Journal of Business & Economic Statistics


Peer review evaluation of work by one or more people of similar competence to the producers of the work

Peer review is the evaluation of work by one or more people with similar competences as the producers of the work (peers). It functions as a form of self-regulation by qualified members of a profession within the relevant field. Peer review methods are used to maintain quality standards, improve performance, and provide credibility. In academia, scholarly peer review is often used to determine an academic paper's suitability for publication. Peer review can be categorized by the type of activity and by the field or profession in which the activity occurs, e.g., medical peer review.

Academic journal peer-reviewed periodical relating to a particular academic discipline

An academic or scholarly journal is a periodical publication in which scholarship relating to a particular academic discipline is published. Academic journals serve as permanent and transparent forums for the presentation, scrutiny, and discussion of research. They are usually peer-reviewed or refereed. Content typically takes the form of articles presenting original research, review articles, and book reviews. The purpose of an academic journal, according to Henry Oldenburg, is to give researchers a venue to "impart their knowledge to one another, and contribute what they can to the Grand design of improving natural knowledge, and perfecting all Philosophical Arts, and Sciences."

The American Statistical Association (ASA) is the main professional organization for statisticians and related professionals in the United States. It was founded in Boston, Massachusetts on November 27, 1839, and is the second oldest continuously operating professional society in the US. The ASA services statisticians, quantitative scientists, and users of statistics across many academic areas and applications.



Joseph Schumpeter Austrian economist

Joseph Aloïs Schumpeter was an Austrian political economist. Born in Moravia, he briefly served as Finance Minister of Austria in 1919. In 1932, he became a professor at Harvard University where he remained until the end of his career, eventually obtaining U.S. citizenship.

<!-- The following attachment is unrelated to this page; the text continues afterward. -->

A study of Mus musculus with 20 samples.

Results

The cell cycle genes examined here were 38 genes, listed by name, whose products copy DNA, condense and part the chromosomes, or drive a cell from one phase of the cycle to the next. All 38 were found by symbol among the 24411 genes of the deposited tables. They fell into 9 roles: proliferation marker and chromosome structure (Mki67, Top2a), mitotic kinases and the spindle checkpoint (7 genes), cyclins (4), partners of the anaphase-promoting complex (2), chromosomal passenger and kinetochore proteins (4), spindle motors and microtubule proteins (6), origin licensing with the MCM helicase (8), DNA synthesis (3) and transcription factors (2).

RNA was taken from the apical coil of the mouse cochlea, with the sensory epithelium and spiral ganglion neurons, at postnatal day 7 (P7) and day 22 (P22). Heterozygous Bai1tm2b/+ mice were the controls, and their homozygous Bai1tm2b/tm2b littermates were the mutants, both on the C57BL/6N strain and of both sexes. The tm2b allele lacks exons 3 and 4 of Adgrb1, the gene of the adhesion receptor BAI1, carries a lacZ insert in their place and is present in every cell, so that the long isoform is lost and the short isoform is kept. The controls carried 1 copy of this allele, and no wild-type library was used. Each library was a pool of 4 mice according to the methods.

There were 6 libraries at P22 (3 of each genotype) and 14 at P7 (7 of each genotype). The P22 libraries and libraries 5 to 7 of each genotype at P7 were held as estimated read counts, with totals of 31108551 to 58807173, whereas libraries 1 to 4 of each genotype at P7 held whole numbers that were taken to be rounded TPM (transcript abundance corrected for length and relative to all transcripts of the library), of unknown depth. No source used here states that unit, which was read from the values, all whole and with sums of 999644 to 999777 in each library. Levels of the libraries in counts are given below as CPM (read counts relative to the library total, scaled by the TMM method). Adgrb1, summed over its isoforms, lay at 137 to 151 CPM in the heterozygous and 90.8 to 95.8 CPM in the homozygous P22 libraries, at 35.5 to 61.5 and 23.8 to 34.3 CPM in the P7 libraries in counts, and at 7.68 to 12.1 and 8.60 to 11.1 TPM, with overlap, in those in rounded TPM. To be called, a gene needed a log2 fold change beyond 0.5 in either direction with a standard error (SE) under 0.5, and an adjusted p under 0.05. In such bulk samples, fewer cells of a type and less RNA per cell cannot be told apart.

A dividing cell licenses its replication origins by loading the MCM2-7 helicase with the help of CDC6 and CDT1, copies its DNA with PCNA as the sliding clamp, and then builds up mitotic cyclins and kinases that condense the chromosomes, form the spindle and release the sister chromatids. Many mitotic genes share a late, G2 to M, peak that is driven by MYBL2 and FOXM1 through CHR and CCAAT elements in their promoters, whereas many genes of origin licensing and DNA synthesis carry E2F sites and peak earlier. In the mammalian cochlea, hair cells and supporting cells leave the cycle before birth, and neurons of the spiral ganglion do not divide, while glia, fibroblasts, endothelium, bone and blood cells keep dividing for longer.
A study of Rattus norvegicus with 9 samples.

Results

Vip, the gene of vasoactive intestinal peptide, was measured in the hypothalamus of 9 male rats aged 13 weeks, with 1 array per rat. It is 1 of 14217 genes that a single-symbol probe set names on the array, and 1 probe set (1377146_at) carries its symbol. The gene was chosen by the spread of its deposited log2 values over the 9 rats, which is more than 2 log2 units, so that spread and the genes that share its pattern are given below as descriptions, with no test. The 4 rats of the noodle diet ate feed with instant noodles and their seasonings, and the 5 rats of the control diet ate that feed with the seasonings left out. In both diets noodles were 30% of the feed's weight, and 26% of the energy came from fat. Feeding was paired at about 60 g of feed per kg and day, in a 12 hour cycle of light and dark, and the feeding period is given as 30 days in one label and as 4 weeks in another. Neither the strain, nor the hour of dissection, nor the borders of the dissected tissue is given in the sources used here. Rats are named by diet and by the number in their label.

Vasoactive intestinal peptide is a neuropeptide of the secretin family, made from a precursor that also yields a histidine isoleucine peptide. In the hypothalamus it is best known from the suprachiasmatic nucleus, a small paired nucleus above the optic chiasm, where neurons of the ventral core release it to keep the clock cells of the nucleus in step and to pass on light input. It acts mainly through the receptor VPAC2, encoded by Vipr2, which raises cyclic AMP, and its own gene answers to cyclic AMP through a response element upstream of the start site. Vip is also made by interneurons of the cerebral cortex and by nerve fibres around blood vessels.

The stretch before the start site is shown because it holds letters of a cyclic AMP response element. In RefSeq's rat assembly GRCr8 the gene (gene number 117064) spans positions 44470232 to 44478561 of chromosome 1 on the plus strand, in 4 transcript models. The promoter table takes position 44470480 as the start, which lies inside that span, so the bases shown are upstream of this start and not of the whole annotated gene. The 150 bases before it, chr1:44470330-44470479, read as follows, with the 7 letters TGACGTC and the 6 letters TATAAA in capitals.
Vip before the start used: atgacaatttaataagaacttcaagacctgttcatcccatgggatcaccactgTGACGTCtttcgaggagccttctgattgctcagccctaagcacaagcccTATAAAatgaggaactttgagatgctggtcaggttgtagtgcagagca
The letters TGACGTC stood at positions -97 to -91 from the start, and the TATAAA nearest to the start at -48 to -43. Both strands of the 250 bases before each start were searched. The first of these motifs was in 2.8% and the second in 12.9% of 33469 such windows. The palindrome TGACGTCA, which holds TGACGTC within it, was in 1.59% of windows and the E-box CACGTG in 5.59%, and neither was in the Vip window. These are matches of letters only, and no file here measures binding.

Jan Tinbergen was an important Dutch economist. He was awarded the first Nobel Memorial Prize in Economic Sciences in 1969, which he shared with Ragnar Frisch for having developed and applied dynamic models for the analysis of economic processes. He is widely considered to be one of the most influential economists of the 20th century and one of the founding fathers of econometrics. It has been argued that the development of the first macroeconometric models, the solution of the identification problem, and the understanding of dynamic models are his three most important legacies to econometrics. Tinbergen was a founding trustee of Economists for Peace and Security. In 1945, he founded the Bureau for Economic Policy Analysis (CPB) and was the agency's first director.




Applied mathematics is the application of mathematical methods by different fields such as science, engineering, business, computer science, and industry. Thus, applied mathematics is a combination of mathematical science and specialized knowledge. The term "applied mathematics" also describes the professional specialty in which mathematicians work on practical problems by formulating and studying mathematical models. In the past, practical applications have motivated the development of mathematical theories, which then became the subject of study in pure mathematics where abstract concepts are studied for their own sake. The activity of applied mathematics is thus intimately connected with research in pure mathematics.

Charles Frederick Roos was an American economist who made contributions to mathematical economics. He was one of the founders of the Econometric Society together with American economist Irving Fisher and Norwegian economist Ragnar Frisch in 1930. He served as Secretary-Treasurer during the first year of the Society and was elected as President in 1948. He was director of research of the Cowles Commission from September 1934 to January 1937.

  2. Zellner, Arnold (1983). "Editorial Statement". Journal of Business & Economic Statistics. 1: 1. doi:10.1080/07350015.1983.10509314.